Editor’s Note: This three-part series addresses some of the parallels and contrasts between the U.S. Army and the civilian world in innovation, with the intent of demonstrating that within both arenas innovation plays a key role in responding to and disrupting emerging threat and challenges. This first article addresses how innovation commonly starts on the battlefield, making soldiers inherently innovative employees when they transition out of the military.

One feature of an all-volunteer Army force in the midst of a long-running state of conflict is the steady, if at times variable, flow of veterans taking off their uniforms and entering the civilian workforce.

Many respectable business journals have written of the advantages of hiring veterans, typically citing attributes such as “teamwork” or “leadership.” Others mention the desirability of new hires who, as many veterans are assumed to be, exhibit the traits of being “disciplined,” “hard-working,” and “reliable.”

Career coach Eli Amdur, in his book “It’s Not So Far From Here to There,” mentions all of these traits and more including, and perhaps most importantly, the trait of “thinking on your feet.” This trait sounds a lot like one that has received a great deal of attention, both in civilian literature, as well as the military, namely: Innovation.

“Innovation happens in contact,” according to Peter Newell, managing partner at BMNT Partners, a firm that leverages the public, private, and academic sectors to develop unique, innovative solutions. A former Army officer who served as the fourth director of the Army’s Rapid Equipping Force, Newell’s efforts to develop the force as a system of innovation were profiled in a Stanford Business case study.

“It’s a long walk home if you don’t fix it yourself,” says Newell, pointing out that innovation occurs when people have to solve problems with limited resources, and many soldiers must do this without a rulebook or any precedent.


Even the U.S. Army Center of Military History released “A History of Innovation,” although this work is mainly a series of vignettes regarding disparate case studies such as the development of the bazooka, or the conquering of the hedgerows in Normandy, France.

“Soldiers are incredibly fast learners,” says Col. Paul Reese, director of the Center for Army Lessons Learned at Fort Leavenworth, Kansas. “At their level, they can come up with a solution almost instantly.”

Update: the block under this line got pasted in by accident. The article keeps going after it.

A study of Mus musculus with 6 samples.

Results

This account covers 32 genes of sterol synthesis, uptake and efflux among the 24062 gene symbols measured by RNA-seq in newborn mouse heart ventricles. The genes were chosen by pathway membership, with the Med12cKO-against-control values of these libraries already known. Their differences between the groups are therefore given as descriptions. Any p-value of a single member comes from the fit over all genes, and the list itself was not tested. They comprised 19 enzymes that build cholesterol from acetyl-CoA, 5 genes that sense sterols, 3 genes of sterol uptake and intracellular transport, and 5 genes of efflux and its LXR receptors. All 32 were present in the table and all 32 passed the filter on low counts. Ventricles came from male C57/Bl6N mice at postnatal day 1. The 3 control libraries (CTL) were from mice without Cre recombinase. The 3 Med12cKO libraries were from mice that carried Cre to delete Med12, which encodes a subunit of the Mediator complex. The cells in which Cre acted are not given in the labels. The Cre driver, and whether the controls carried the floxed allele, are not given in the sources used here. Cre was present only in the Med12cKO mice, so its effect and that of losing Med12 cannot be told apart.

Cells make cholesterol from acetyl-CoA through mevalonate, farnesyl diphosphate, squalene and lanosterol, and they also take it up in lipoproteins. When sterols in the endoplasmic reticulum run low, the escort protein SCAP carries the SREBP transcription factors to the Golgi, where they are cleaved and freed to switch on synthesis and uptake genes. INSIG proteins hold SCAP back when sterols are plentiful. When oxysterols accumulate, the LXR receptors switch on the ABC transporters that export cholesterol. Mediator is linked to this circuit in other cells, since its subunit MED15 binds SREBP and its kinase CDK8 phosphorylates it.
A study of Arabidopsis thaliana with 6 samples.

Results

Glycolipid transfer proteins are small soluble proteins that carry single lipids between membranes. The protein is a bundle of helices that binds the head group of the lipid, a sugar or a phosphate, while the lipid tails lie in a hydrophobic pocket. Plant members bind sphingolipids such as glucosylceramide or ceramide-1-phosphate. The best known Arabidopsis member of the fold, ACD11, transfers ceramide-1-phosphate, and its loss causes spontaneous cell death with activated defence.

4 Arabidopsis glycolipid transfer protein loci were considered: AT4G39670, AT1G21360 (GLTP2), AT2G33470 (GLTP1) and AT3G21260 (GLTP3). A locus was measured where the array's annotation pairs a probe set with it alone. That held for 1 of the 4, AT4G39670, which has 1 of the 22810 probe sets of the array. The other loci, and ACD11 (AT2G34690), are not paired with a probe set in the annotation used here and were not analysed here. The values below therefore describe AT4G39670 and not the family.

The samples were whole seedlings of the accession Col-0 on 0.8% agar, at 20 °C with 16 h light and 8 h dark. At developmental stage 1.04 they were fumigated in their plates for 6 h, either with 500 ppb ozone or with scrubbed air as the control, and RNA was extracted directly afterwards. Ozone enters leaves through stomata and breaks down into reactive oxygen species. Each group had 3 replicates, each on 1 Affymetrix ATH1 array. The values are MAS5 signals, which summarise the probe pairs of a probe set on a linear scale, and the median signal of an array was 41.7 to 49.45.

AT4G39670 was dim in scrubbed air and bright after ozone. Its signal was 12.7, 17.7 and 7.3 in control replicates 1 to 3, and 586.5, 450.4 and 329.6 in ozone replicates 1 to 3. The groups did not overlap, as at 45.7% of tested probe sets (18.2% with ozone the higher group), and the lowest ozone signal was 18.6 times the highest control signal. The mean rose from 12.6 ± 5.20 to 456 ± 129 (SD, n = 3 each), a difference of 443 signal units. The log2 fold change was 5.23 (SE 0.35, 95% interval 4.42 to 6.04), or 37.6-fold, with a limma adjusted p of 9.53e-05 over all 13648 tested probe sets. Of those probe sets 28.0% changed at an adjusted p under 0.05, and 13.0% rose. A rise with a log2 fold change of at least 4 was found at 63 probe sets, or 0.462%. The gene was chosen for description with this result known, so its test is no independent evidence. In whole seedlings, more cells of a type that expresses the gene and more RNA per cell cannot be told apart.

Reese, who previously served with III Corps in Afghanistan, oversees the Army’s institutional initiative to collect lessons learned, which typically involves soliciting answers to those on-scene, unforeseen problems, and disseminating them to the rest of the force.

Reese cites recent innovations such as the collection of lessons learned and development and dissemination of doctrine to the force in response to “green-on blue” attacks in Iraq and Afghanistan, as well as the doctrine and armaments that were developed in response to the improvised explosive device threat in those theaters of operation.

Historically, the best innovations have come out of periods of war. When Allied troops pushed past the beaches of Normandy, they then ran up against the obstacle of thick, impassable hedgerows that obscured avenues of approach across the landscape. In “Closing With the Enemy: How GIs Fought the War in Europe, 1944-1945,” historian and former Army officer Michael D. Doubler, highlights an Army that was ill prepared to confront this problem technologically, but well prepared in that the troops comprising the Allied forces were innovative and adaptive, devising solutions to the problem confronting them on the ground.

According to Doubler, troops on the ground shifted tactics and technology to meet the threat of the hedgerows. Welding repurposed metal shaped into shears onto the front of Sherman tanks provided an innovative solution that allowed troops to breach the hedgerows. Troops then devised new methods of communicating in order to facilitate combined arms operations between infantry and armor to successfully defeat the German positions.

While survival situations often inspire innovation, one consensus across the literature of both military and civilian sectors is the need for a system serves as an “innovation incubator.” Whether that incubator is a “network” in which diverse interests find symbiosis, as Johnson posits, or an institutional enabler that elicits best practices on engaging with tribal leaders, as Reese describes, organizations that wish to be disruptive must find a way to foster innovation to prevents problems, not simply reacts to them.

Innovation is 5% having an idea, and 95% blood, sweat, and tears, explains Newell. The hard part is developing or finding a pipeline from idea to finished product.

“An innovative organization has to find and define problems,” according to Newell. The next step is to then develop a pathway from problem to solution to user.

Whether soldiers are engaging problems at the point of conflict and then pushing those lessons learned to an institutional incubator such as the Center for Army Lessons Learned, or identifying problems that are then tackled by an extra-organizational innovator such as the Rapid Equipping Force, innovation is an integral need and feature of the U.S. Army, whose soldiers have been confronted by an ever-adaptive and innovative enemy for the past 13 years of conflict.

An organization that prizes innovation and seeks to hire men and women who can contribute to an existing culture of adaptation and innovation — or build such a culture — would do well to look to veterans. History shows that veterans as hires bring a unique advantage in that they can, indeed, think on their feet.